By Na Li in Toronto | China Daily USA | Updated: 2018-07-27 00:51

Trade relations between Canada and China may receive a boost with two newly appointed ministers of trade and business.

In a Cabinet shuffle made by Prime Minister Justin Trudeau last week, the Liberal government made trade diversification a top focus amid rising tensions with the United States.

Among the changes and new faces, former natural resources minister Jim Carr was appointed to the new role of minister of international trade.

Mary Ng, Member of Parliament for Markham-Thornhill, was sworn in as minister of small business and export promotion.

According to Canadian media, Carr is expected to continue efforts toward a free trade agreement with China, a top priority given the escalating trade dispute between Canada and the US, its other major trading partner.

It's been said that although Trudeau tried to boost trade with major emerging markets like China since he took office in 2015, the government has had "little success".

Trudeau visited Beijing last December but the two sides failed to launch talks on a free trade agreement.

Trudeau, who put Carr in charge of international trade, said his Liberal Government is working to make it easier for businesses to sell to China.

Jim Carr is not new to China. He travelled to China as minister of natural resources in June of last year to develop the existing trade and investment relationship and promote Canada's resources, including forest items and clean-energy technologies.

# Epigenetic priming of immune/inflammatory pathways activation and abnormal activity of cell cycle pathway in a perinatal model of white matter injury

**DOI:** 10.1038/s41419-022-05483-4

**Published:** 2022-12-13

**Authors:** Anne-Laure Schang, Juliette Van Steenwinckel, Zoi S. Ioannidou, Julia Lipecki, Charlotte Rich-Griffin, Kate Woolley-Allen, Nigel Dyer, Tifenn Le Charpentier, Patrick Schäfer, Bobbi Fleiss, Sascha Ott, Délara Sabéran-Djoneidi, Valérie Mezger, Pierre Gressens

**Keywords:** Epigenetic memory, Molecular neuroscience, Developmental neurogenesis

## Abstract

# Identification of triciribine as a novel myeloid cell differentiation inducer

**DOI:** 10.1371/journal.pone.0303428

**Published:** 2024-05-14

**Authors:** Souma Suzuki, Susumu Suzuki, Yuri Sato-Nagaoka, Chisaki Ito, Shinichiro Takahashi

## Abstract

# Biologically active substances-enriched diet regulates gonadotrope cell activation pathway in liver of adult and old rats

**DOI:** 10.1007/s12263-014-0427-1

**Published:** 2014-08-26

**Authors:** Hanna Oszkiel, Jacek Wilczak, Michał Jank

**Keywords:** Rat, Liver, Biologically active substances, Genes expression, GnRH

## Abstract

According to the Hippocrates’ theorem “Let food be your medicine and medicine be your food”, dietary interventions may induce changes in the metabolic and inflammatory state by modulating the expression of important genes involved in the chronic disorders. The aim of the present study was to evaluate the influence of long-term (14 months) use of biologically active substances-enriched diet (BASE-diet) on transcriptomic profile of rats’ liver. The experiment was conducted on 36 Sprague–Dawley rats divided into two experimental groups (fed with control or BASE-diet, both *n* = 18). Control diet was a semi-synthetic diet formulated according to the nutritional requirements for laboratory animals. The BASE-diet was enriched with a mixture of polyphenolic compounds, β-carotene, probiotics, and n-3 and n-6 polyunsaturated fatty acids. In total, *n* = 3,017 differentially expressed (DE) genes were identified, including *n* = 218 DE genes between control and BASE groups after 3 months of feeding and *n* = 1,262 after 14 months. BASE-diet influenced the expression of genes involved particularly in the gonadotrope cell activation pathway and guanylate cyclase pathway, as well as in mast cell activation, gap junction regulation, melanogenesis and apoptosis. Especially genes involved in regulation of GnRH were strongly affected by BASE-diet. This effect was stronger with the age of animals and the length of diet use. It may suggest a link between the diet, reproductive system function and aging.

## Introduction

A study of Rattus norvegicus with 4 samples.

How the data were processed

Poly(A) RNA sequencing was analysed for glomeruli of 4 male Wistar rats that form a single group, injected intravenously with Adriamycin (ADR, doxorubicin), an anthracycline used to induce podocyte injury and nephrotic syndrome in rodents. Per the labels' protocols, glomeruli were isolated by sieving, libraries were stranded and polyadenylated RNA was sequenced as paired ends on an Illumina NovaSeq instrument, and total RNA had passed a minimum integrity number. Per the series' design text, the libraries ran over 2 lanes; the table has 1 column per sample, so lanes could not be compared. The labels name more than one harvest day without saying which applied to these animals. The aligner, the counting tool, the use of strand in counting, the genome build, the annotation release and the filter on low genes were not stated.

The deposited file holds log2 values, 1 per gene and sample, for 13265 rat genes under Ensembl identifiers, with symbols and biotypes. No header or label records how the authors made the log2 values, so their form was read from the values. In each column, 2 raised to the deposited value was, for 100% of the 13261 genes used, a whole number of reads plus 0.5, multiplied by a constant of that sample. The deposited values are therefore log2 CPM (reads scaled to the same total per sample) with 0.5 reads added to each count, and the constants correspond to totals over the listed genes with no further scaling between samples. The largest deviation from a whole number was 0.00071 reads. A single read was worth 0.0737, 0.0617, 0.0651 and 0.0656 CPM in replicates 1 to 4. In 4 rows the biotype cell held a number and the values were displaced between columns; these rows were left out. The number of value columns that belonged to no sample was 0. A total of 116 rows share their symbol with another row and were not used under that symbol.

Carr has also explored avenues in China to expand foreign investment in Canada's large scale commercial oil and gas industry.

"There is goodwill towards Canada, and willingness to hear our story," Carr told the media, saying that there was a lot of affection for Canadian values and political leadership from the Chinese side.

Ng, who is now the first Canadian of Chinese descent to serve in Trudeau's cabinet, said she wants to help companies take advantage of new trade deals with Pacific nations and EU.

"It was time to help Canadian small businesses access those markets," she said.

According to Ng, Canada has preferential market access to 14 trade agreements and 51 countries now.

"This is a real opportunity for us," Ng told Reuters. "The US continues to be an important export market to us, but I also think there is a great opportunity to enable our small business to access these other markets as well."

China is the second-largest market for Canadian exports. Among the top exports are wood pulp, oilseeds, sawmills and wood preservation products, automobile and light-duty motor vehicle items, and minerals like copper, nickel, lead and zinc.

Analysts said US President Donald Trump's tariffs on $500 billion worth of Chinese products could double the damage to Canada overall, including its imports and exports.

According to Brian Kingston, vice-president for international issues at the Business Council of Canada, the Canadian government should launch trade talks with China and boost ties with other Asian countries.